Joseph Grenny is the author of three bestselling books, Influencer, Crucial Conversations, and Crucial Confrontations.
Dear Crucial Skills,
I just read the latest newsletter and find myself very frustrated with your response to your reader’s question about how to “motivate” apparently unmotivated teachers. You appeared to agree that a lot of teachers just don’t care—or are “morally asleep” about the need to improve education for their students.
Perhaps the person who wrote the question is not aware of the many responsibilities shouldered by teachers. As a veteran educator, I take offense to the classification of teachers as people who don’t care or are not interested in helping students improve. If this were true, we would not continue in a low-paying, poorly respected profession. Before you talk about motivating teachers to make change, consider whether their failure to attend these new meetings could be because of:
· Time: They may be overloaded with other meetings, tutoring, professional development, meetings with parents, prepping materials for the next day, or grading. Is the meeting scheduled after their contractual hours? (We do have family responsibilities.)
· Reform in place: Has the school, district, or state already initiated educational reforms that are non-negotiable?
· Observation: Before passing judgment about teachers not being interested, ask what is going on in the classroom?
· Communication: How was the invitation phrased and how much notice given?
· Shared responsibility: What are the other stakeholders asked to do?
Rather than consider these issues, you threw teachers against the wall. Maybe the concerned parent should drop the stereotype and do a little research first. And perhaps you should have addressed the negative assumption in the person’s statements.
Thank you for writing in and sharing your thoughts.
I asked our editors to publish your note because I think today’s “advice” is more contained in your letter than in my response.
You were absolutely right to point out my negligence to address the “story” this person may have told him or herself about his or her teachers. He or she attributed a lack of participation to a lack of motivation—and I bought into it thoughtlessly.
Equally important, I failed to offer advice for addressing the “ability” issues teachers face when trying to find time to improve—or implement improvements. Your note was a whack on the side of the head for me to use the very model we teach. Thank you for providing that wake-up call—and please forgive me for any offense I offered in my negligence.
So let me frame your critique of my response in terms of our own model. Another way of saying what you wrote is, “Joseph, you’re assuming this is exclusively a motivation problem. Could it also be an ability issue?”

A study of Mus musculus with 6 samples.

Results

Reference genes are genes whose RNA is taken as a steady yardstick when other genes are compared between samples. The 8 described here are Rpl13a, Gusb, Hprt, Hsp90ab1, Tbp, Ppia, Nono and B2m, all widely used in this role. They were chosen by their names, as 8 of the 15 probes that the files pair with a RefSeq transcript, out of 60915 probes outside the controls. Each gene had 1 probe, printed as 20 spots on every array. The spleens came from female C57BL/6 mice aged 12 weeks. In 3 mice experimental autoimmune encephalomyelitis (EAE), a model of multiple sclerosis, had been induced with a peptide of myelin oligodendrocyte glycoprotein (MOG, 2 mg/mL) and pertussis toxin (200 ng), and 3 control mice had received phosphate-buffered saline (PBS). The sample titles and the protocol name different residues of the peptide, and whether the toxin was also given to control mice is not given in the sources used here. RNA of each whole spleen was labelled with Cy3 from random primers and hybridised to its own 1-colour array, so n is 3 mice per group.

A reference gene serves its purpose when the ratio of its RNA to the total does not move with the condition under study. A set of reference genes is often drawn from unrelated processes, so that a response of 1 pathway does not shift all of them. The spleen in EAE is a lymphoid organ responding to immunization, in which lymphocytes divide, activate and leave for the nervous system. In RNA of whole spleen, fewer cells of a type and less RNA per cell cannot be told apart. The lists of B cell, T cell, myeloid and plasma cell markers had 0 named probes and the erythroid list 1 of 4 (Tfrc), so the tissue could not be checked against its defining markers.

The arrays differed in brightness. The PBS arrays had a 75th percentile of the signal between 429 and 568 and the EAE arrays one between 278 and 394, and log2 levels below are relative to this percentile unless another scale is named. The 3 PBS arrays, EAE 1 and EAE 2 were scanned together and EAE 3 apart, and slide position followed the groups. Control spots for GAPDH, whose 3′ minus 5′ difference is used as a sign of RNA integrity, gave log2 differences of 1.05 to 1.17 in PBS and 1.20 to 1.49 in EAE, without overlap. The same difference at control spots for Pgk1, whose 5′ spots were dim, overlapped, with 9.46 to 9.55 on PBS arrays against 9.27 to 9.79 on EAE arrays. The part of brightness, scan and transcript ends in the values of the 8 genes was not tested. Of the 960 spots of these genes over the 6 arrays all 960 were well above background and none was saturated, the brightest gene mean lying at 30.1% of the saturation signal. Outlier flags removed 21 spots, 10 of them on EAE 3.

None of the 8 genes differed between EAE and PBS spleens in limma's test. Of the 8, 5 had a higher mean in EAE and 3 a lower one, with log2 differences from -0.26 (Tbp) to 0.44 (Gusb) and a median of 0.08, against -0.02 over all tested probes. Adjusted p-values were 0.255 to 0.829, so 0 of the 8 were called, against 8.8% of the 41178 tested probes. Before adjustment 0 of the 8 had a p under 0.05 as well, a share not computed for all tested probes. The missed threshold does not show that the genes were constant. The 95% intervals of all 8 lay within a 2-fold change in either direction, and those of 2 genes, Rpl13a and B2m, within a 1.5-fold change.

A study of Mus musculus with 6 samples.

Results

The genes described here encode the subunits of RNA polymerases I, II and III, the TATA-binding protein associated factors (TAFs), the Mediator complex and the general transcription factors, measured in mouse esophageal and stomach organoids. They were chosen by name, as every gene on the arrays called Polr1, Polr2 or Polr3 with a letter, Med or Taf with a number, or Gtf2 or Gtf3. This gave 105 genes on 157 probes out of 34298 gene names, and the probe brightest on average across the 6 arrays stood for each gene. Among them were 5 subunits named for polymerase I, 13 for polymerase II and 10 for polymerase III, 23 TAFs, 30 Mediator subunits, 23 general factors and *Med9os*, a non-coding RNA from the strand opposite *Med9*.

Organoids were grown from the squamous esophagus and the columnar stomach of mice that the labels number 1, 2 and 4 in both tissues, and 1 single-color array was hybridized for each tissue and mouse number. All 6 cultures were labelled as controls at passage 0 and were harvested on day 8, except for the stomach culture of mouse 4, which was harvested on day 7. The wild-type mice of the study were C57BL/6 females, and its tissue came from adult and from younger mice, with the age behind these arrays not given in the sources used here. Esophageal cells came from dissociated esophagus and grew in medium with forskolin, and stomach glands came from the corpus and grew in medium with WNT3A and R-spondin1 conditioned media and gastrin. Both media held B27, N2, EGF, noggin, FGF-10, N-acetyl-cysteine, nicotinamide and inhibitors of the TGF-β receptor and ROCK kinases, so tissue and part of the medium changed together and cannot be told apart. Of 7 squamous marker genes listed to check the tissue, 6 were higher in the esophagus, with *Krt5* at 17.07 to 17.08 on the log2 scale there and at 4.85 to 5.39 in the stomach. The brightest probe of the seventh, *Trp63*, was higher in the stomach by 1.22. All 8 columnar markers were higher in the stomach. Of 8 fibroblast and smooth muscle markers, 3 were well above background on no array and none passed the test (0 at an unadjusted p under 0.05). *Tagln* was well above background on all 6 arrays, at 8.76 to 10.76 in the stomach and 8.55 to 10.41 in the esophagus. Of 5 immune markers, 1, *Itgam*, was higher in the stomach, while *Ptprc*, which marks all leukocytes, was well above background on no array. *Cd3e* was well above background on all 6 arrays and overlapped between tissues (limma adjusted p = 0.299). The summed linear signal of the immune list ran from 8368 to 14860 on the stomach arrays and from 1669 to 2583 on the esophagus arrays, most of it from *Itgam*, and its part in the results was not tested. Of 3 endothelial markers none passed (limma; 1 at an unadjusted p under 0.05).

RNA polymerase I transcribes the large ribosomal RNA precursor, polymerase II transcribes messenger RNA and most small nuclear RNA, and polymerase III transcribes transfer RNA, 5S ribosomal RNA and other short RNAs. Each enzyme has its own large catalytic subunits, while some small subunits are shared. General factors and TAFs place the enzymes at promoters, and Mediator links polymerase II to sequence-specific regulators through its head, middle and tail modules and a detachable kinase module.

Not only would I agree with that question—but I would also assert that ability problems are frequently disguised as motivation issues. When people seem to “not care” it could be they are burned out from pushing against bureaucracy and have concluded they are simply not able to win. I suspect some teachers just do their best to master their own classrooms and give up on the larger institution because of the structural ability barriers they continually face.
As you point out, structural ability barriers for these teachers might include overloaded schedules or limited tools and resources. For example, at Lakeridge Junior High, Tim Stay discovered that the school’s schedule made it nearly impossible for teachers to attend council meetings, implement best practices, and properly evaluate students’ progress. When Lakeridge changed the schedule from seven periods to four, teachers were enabled to attend to these additional responsibilities. What’s more, they wanted to. In this instance, ability barriers, not motivation, were stopping them from performing to their full potential.
Similarly, you point out there could be social ability barriers—barriers that result when others (including peers and district leaders) don’t provide the information or resources required to perform to potential. For example, teachers may lack support from administrators or meetings aren’t communicated properly. In this case, all the motivation in the world will not influence teachers to attend council meetings or help them improve the overall level of education.
In conclusion, I would be less than honest if I didn’t add that motivation is still a very important part of our model. I made reference to Tim’s work because he is a phenomenal example of using the Influencer model to turn around his children’s school. The work he and his community council—comprised of teachers, administrators, and parents—did, addressed both motivation and ability barriers. Ultimately, Tim’s success was the result of a full six source approach that addressed both sides of our model.
The bottom line: until you address both motivation and ability—until people are both willing and able to change—you won’t move the needle toward influencing new behavior. In Tim’s case, there was more emphasis on increasing ability than inspirational motivation tricks. And as you suggest, this is probably the case in most of our nation’s education systems.
Again, I thank you for bringing your concerns to my attention. I feel as passionate as you do about the good work our teachers do each and every day. And I am deeply sorry for having offered offense to you and so poorly representing our own beliefs about influence.